More mariners have been abandoned by their employers than taken hostage by Somali pirates, according to the Mission to Seafarers. The United Nations has documented cases of 2,379 stranded sailors on 199 ships in the past decade, with many more unreported.
In April, international agencies are scheduled to meet in Geneva to consider requiring companies in the $375 billion shipping industry, which handles about 90 percent of world trade, to carry insurance or a bond to pay for repatriating sailors when they get stranded.
While international conventions recognized sailors’ right to repatriation as early as 1926, that means little to those who find themselves abandoned, said Deirdre Fitzpatrick, executive director of Seafarers’ Rights International, an advocacy center in London.
“The industry is structured in a way that allows seafarers to be abandoned,” Fitzpatrick said in an interview. “That shouldn’t be allowed in this day and age. There is this loophole where a ship owner can walk away and the seafarers are left relying on charity to survive.”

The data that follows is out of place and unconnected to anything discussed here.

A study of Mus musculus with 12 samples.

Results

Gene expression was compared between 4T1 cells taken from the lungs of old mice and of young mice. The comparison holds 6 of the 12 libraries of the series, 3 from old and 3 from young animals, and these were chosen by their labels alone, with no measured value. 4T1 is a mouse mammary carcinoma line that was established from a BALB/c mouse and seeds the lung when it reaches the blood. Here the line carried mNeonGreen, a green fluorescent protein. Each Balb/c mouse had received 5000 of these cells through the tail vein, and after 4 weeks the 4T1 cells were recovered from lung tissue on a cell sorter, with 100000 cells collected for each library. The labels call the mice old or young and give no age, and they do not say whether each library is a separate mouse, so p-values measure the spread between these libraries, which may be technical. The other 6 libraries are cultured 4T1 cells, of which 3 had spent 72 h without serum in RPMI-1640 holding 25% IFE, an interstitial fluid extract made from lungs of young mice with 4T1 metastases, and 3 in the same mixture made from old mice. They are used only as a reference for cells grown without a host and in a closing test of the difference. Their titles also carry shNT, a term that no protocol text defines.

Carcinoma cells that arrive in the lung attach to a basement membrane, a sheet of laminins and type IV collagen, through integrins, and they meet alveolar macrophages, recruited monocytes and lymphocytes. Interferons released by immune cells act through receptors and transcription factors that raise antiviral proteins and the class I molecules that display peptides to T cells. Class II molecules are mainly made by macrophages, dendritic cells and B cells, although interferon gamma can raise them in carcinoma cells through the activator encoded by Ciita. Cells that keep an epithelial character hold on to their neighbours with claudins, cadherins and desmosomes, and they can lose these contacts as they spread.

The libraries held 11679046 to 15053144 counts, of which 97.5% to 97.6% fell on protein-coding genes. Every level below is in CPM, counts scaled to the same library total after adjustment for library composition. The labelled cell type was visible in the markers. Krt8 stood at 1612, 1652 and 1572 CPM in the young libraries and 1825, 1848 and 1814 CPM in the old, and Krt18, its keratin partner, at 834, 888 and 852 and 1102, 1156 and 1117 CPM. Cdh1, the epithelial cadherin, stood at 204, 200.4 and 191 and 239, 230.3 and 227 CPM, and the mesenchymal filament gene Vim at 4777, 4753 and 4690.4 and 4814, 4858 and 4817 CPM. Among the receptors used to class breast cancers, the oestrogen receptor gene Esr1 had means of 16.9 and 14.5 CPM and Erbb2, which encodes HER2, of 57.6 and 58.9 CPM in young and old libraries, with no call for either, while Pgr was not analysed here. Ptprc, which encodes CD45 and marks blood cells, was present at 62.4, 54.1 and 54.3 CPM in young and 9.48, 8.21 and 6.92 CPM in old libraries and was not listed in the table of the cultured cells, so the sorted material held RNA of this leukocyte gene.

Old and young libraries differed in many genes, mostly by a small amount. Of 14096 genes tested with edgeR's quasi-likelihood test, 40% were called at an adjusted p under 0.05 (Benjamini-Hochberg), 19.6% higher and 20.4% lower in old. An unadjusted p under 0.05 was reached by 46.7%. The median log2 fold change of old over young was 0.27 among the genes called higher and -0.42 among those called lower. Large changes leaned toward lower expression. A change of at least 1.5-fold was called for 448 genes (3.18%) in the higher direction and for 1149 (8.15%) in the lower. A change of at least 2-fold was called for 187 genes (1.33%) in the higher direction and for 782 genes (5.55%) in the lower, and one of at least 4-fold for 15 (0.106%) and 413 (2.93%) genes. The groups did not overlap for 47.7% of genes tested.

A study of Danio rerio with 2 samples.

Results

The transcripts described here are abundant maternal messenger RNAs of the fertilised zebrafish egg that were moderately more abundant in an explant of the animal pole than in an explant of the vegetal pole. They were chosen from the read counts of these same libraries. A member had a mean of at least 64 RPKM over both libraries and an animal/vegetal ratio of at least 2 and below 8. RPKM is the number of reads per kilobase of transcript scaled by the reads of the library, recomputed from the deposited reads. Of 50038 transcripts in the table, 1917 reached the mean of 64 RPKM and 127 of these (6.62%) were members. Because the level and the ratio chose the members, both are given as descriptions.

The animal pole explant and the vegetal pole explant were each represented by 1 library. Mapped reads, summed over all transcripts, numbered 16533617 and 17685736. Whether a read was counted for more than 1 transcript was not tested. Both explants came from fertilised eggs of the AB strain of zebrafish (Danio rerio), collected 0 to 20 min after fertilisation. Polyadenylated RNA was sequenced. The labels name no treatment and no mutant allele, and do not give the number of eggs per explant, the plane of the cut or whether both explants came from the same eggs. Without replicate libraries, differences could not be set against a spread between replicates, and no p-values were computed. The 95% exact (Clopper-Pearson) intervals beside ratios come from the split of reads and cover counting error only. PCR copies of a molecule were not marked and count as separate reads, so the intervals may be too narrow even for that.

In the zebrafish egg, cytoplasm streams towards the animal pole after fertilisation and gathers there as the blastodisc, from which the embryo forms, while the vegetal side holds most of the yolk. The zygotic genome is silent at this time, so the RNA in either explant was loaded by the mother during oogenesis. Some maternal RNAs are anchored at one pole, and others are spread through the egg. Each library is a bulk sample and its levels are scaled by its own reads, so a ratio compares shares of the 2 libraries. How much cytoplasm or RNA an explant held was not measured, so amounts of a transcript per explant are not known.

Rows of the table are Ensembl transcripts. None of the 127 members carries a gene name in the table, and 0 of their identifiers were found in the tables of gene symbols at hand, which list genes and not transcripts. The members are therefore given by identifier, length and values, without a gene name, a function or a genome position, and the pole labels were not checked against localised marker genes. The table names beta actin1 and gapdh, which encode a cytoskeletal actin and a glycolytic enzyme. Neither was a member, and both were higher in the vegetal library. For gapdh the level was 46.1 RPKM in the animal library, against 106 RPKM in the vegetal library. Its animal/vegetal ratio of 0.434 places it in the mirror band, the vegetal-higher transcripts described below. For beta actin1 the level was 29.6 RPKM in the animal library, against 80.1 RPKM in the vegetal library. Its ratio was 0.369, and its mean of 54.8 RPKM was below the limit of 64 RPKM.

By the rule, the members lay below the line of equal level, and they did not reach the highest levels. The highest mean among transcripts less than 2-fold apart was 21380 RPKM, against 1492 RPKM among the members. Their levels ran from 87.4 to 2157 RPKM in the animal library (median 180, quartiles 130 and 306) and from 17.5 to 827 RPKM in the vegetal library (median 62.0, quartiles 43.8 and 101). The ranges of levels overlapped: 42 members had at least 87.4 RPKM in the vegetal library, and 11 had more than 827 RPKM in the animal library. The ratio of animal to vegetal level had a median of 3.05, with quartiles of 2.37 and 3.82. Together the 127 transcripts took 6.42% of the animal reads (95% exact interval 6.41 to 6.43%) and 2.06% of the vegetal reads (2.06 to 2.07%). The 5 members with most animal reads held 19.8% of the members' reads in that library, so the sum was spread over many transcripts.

“These are the sort of breaks in the whole chain of the employment relationship and of international responsibility,” said Cleo Doumbia-Henry, director of international labor standards at the UN’s International Labour Organization in Geneva.
Some abandonment cases have turned deadly. The captain of a Ukrainian car carrier stranded in New York Harbor for more than three months in 1999 committed suicide, said Doug Stevenson, director of the Center for Seafarers’ Rights at the Seamen’s Church Institute in Newark, New Jersey. Last year, a Ukrainian sailor died aboard a dredger abandoned for five months near Mumbai.
Many cases drag on and on. This year the ILO and the International Maritime Organization, another UN agency, will consider a new rule, a decade in the making, that will allow port inspectors to prevent ships from sailing without insurance or a bond to pay for repatriating stranded mariners. But the real issue rests on the non-payment of wages. Without guarantees that payment will be made many seafarers feel compelled to stay with the vessel to force the owners to settle.
In many ways repatriation is a red herring – as so often in life, its all about the money.